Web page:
On March 25th, The Washington Post published an article titled “Georgia governor signs into law sweeping voting bill that curtails the use of drop boxes and imposes new ID requirements for mail voting”. The article sums up the many new reforms to voting procedures for Georgia elections that have been recently signed into law, which many find controversial. While Georgia governor Brian Kemp states that this new law will “expand voting access in the Peach State,” article authors Amy Gardner and Amy Wong present an argument contrary to the governor’s statement, and instead believe the new law is reminiscent of past Jim Crow policies in the south and is a veiled attempt to serve the Republican party in state government through voter suppression.
Even though widespread voter fraud from the last Georgia election (as well as the presidential run in November) has been debunked, concerns for its prevalence continue to exist amongst state officials – markedly amidst GOP legislators. Republicans like Kemp use the argument of policing voting fraud efforts and attempts for casting false ballots as a primary reason for the necessity of the new voting law. However, the bill’s passage may be a covert attempt for legislators to try and suppress voters. Gardener and Wong present much evidence that indicates the presence of “constitutional retrogression” being enacted in the state of Georgia, pointing to measures in the new law that pose a potential threat to a large number of voters which can serve to unfairly benefit one side over the other.
Not every stipulation of the bill has a negative consequence for voters. The final bill did introduce measures to expand early voting weekend hours, following public outcry after officials proposed its limitation. There is also no limitation on mail-in voting compared to preexisting opportunities. However, the majority of critics, including Wong and Gardner, believe that there will be many more negative consequences on voters from the passage of this bill than there will be positive ones, and that its passage is in reality a form of constitutional retrogression that could unfairly benefit current Republican lawmakers sitting in office in the State of Georgia.
One measure of the new law dictates that local governments are not allowed to accept grants from the private sector. Local governments with less funding will be unable to receive financial aid unless its from a public institution, meaning that there is a chance for some districts to be denied the funding they need to get projects done by other partisan institutions if the district with the funding does not want to support the local government’s policies or projects. For local governments that do not rely heavily on funding from outside donations and receive a decent amount of revenue through federal institutions, this would not affect them, but for those is less privileged communities that do not receive as much revenue from taxes or other federal means, not having the option of accepting third party charity donations to facilitate change in their area could prove to be detrimental.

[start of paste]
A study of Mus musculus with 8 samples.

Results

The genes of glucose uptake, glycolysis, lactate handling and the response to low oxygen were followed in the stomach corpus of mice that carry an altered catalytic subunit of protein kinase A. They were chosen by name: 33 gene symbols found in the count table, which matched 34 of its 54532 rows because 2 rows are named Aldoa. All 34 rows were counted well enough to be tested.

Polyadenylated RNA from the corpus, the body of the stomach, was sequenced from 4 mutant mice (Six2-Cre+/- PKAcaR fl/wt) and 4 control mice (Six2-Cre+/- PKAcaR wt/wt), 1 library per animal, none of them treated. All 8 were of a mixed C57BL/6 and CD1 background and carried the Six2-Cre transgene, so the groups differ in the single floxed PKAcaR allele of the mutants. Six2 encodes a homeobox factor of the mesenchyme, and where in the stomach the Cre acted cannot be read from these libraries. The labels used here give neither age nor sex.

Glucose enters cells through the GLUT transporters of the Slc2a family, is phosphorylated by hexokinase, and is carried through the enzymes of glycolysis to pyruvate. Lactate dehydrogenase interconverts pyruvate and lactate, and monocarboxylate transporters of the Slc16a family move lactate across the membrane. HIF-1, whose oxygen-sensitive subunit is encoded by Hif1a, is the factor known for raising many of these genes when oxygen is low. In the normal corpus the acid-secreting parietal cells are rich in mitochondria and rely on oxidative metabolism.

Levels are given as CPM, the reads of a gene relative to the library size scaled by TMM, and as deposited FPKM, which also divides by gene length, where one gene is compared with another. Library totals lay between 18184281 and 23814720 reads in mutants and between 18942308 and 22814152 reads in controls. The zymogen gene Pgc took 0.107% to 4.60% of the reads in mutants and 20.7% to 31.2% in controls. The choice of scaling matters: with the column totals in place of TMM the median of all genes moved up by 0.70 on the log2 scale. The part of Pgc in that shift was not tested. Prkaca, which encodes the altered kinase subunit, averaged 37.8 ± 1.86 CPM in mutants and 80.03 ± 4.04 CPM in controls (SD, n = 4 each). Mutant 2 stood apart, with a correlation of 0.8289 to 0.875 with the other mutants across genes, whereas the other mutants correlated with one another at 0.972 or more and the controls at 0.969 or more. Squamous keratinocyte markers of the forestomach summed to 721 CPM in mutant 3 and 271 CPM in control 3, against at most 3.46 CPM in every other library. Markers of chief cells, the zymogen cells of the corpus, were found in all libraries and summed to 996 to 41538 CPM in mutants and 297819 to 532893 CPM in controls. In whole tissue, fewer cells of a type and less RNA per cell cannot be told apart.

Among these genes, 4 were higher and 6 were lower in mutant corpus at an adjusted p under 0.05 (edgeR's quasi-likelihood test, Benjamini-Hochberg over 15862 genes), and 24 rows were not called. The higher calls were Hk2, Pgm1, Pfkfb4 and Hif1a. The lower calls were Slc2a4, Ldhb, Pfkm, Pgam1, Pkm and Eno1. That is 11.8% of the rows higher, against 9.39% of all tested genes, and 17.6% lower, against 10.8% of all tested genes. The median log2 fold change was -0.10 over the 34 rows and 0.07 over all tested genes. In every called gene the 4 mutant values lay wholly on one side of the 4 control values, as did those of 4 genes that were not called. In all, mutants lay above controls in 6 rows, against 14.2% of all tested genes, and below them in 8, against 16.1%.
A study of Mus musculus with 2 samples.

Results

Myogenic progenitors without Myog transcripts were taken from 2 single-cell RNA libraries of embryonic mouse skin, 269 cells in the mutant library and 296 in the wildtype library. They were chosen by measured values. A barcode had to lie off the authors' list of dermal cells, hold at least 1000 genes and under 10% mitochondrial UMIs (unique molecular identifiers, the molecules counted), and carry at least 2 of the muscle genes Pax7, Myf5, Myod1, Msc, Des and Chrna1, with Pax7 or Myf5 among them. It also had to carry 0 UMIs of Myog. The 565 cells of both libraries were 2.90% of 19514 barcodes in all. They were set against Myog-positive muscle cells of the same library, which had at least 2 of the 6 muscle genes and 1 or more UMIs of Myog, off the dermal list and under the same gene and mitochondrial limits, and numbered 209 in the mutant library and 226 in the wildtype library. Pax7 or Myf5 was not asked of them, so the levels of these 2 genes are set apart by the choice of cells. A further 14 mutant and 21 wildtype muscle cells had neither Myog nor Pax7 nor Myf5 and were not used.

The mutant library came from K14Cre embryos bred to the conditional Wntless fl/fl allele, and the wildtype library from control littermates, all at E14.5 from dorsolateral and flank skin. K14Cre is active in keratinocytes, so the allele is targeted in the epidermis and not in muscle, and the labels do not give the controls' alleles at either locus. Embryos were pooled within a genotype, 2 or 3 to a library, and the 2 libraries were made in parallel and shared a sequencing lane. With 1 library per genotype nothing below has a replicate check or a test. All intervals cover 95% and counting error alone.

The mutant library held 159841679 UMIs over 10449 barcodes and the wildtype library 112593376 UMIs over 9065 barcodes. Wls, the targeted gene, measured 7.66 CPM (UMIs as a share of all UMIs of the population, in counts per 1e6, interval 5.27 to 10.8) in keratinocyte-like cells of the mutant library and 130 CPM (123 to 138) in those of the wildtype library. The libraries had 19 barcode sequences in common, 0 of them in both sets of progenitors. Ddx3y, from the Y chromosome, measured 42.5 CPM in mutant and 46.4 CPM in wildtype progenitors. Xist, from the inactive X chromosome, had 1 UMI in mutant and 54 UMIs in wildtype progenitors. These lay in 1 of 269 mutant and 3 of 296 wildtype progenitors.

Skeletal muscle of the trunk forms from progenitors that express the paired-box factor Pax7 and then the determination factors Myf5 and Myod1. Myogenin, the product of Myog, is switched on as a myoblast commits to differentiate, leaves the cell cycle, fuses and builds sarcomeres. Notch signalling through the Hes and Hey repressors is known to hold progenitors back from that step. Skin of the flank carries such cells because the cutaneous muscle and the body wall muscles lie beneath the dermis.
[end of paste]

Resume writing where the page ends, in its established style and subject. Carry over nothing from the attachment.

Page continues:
Another measure dictates that state officials may challenge the legitimacy of any number of voters, and that the challenge must be brought to trial within 10 days of being made. This would make fraudulent voting more difficult due to the higher level of policing and more immediate judiciary thoroughness, however it could also be easily abused. For instance, if the voters of a less affluent party are challenged by their more affluent opponents and must immediately go to trial to defend their legitimacy, there is little time to raise money for attorneys and courtroom proceedings if there is fiscal deficiency present on their side, while the challenging party can hold more confidence in their case due to their financial security.
Perhaps the most controversial measure of the new voting law is the prohibition of third parties being allowed to provide food and water to voters waiting in line at polling stations. There is no clear threat to democracy presented by altruistic deeds, such as non-public organizations attempting to alleviate the droll of waiting in line that often comes with elections, and the provision of basic human needs. The risk of voter fraud from these actions is close to ridiculous, therefore the addition of this measure in the bill seems unnecessary, and makes the argument that the bills purpose may not in fact be purposed to expand voting but instead to diminish it seem much more believable. Voter turnout may diminish due to the more strenuous conditions voters will have to face while waiting to cast their ballots, which may vary depending on the location of their polling centers – a factor that can be easily manipulated by legislatures.
Georgia governor Brian Kemp wants people to believe the bill was passed in order to provide more widespread access to vote across the state, however many of the measures put forth in the bill appear to be more focused on patrolling voting than allowing for more legitimate votes to be cast. But regardless of what the intentions of the governor and GOP legislators of Georgia are, the new bill that has been signed into law poses many threats to the level of democracy in the state, and its passing may unsettlingly encourage other states to pursue the passage of similar bills as well.